Architectural Features in Ancient Greek Buildings

Architectural Features in Ancient Greek Buildings

Ancient Greek architecture is not only well known for its temples, but also for the open-air theatres (amphitheatres) and the open public market square or agora. Around the agora were often buildings fronted with an open wall of columns – a colonnade or stoa, for example the ‘Painted Stoa‘ of Ancient Athens.

The architectural styles found in these buildings, are based on the formalised method of construction and decoration that they liked to use. Their characteristic features can can be seen on their buildings that have survived to present day.

The Greeks developed three architectural styles, called orders, each with their own distinctive proportions and detailing. The Greekorders are: Doric, Ionic, and Corinthian.

The Doric style is rather sturdy and its top (the capital), is plain. This style was used in mainland Greece and the colonies in southern Italy and Sicily.

The Ionic style is thinner and more elegant. Its capital is decorated with a scroll-like design (a volute). This style was found in eastern Greece and the islands.

The Corinthian style is seldom used in the Greek world, but often seen on Roman temples. Its capital is very elaborate and decorated with acanthus leaves.

Doric Order:For example, the Parthenon – temple of Athena Parthenos (“Virgin”), Greek goddess of wisdom, on the Acropolis in Athens. The Parthenon was built in the 5th century        BC, and despite the enormous damage it has sustained over the centuries, it still communicates the ideals of order and harmony for which Greek architecture is known.

Ionic Order: For example, Erechtheum – temple from the middle classical period of Greek art and architecture, built on the Acropolis of Athens between 421 and 405BC. The Erechtheum contained sanctuaries to Athena Polias, Poseidon, and Erechtheus.

The requirements of the several shrines and the location upon a sloping site produced an unusual plan. From the body of the building porticoes project on east, north, and south sides.
The southern portico, known as the Porch of the Caryatids…(Source B)  – six sculptured draped female figures that support its entablature. It is the temple’s most striking feature… one of the caryatids was removed to London by Lord Elgin, a replica being installed in it’s place.

SOURCE A : The Propylaea – gateway entrance to the Acropolis

SOURCE B: Porch of the Caryatids on the Erechtheum

SOURCE C -The Erechtheum – notice the Ionic style with the scroll-like design in it’s capital.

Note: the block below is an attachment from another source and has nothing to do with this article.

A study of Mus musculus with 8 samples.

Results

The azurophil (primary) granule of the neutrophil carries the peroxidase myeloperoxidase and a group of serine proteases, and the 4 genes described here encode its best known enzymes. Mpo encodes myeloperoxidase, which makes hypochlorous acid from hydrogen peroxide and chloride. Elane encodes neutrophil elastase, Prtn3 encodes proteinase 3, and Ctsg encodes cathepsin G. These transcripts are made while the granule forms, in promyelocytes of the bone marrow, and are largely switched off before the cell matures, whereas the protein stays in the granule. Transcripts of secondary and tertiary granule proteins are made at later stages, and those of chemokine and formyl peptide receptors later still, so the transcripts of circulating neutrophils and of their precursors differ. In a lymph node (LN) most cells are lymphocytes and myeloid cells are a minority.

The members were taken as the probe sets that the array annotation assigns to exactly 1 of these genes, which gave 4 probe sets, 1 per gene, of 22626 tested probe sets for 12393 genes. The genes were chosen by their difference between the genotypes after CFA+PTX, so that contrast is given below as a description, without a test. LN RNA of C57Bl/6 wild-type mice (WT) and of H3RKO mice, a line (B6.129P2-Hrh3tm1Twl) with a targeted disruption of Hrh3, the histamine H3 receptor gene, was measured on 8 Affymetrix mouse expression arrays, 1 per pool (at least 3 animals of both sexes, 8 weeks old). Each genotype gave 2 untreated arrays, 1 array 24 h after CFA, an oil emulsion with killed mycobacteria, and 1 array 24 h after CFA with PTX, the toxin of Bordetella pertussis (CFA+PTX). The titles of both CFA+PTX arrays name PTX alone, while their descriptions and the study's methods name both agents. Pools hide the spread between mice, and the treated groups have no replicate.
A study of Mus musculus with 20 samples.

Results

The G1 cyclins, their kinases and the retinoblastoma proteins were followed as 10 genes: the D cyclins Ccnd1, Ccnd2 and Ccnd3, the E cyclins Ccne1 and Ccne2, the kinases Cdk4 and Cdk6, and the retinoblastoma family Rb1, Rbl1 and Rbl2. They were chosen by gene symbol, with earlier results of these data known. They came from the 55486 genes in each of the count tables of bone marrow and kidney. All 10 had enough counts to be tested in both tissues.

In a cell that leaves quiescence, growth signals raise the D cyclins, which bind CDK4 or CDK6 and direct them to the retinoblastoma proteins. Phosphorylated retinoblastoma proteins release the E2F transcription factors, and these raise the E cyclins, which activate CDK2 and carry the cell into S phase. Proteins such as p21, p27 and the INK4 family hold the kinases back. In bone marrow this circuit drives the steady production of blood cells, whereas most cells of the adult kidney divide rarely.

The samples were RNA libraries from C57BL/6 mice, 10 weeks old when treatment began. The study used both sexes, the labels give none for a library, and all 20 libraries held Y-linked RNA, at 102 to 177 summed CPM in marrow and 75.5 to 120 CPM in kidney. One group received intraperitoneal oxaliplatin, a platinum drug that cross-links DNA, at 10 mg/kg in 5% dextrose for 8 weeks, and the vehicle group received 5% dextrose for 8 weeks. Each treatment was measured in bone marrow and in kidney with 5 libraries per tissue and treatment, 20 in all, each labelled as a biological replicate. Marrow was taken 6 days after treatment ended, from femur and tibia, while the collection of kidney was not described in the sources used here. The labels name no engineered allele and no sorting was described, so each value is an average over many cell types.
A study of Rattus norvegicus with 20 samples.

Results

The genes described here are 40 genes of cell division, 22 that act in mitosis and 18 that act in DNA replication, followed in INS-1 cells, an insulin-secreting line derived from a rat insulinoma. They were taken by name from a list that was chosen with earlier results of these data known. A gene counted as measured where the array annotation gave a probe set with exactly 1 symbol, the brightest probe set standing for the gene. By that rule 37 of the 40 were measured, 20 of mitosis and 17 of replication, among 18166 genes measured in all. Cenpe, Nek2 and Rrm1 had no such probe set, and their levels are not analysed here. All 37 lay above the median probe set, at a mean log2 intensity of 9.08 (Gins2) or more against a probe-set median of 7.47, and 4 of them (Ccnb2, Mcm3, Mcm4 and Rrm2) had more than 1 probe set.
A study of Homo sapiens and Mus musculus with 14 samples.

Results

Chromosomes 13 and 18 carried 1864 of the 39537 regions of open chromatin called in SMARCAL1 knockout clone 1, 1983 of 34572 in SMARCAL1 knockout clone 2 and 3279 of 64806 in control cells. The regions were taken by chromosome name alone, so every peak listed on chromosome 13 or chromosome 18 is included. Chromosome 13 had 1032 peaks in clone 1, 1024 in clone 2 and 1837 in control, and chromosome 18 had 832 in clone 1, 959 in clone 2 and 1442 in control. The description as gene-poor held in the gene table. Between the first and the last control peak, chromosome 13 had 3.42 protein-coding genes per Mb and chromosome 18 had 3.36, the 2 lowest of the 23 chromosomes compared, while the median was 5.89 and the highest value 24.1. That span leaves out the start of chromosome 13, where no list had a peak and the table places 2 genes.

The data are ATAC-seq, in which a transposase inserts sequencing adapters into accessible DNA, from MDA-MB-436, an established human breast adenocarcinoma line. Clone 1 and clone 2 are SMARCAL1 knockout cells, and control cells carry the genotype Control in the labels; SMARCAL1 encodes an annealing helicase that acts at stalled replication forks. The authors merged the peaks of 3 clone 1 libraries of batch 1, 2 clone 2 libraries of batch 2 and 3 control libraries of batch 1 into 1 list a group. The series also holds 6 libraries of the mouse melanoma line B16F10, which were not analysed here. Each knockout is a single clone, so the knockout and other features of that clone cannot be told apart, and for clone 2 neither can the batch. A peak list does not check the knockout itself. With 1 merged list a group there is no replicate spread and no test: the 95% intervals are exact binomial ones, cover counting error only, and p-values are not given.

1. a) Where in Athens is the Erechtheum temple located?

b) What is the most well known and striking feature of this Ancient temple?
2. What was the Agora used for in Ancient Athens?

3. Describe the main architectural feature of buildings from ancient Greek times that are described as a stoa.

4. Sketch in your book each of the three architectural building styles, called orders. See the chart near the top of this page.
Just sketch the top part of the column, thecapital

With each, add one or two points of information about that particular order.

5.  Complete this cut-and-paste activity (pdf) Reconstruct the section of the building down the left-hand side of an A4 piece of paper. Neatly label the diagram with the correct Classical Greek architectural style or order. Also label your diagram with the different architectural terms, for the different stone building pieces or features as seen above. Also indicate on your diagram using a parenthesis, the part of the building referred to as the ‘entablature’.

SOURCE E  This cut-away diagram of the Parthenon, shows how the Panathenaic Frieze (coloured blue) ran around the architrave on the inner row of columns. The frieze was a series of, bas relief stone picture carvings, showing the different people participating in the Panathenaic Festival Procession.

The outer metopes and triglyphs as they would have appeared in their day.

The PEDIMENT ’round’ sculptures.

SOURCE E  A surviving part of the Pediment ’round’ sculptures (now in the British Museum)

6. What was the Panathenaic Frieze? (Who designed it and where was it located? What event did it portray what were some of the scenes it contained?)

7. Study the above illustration.
a) Where did the ancient Greeks use long wooden beams, in the construction of their buildings?
b) Why do you think they used wood in this part of the building construction and not stone?

8. Besides the three different orders or styles the ancient Greeks used in their buildings, list the other architectural features found in their building.
(You could include such things as : the material they used – bricks, wood, stone?: the basic geometric shapes used: the size: the use of columns with an external colonnade: use of colour: the roof cladding or covering: use of statues and bas reliefs (frieze or metopes)

9. Identify the architectural order of the above three Greek architectural styles.

10. Find, copy and paste in your book, a photograph of a modern building standing today, that has been built using one of the Ancient Greek architectural orders or features.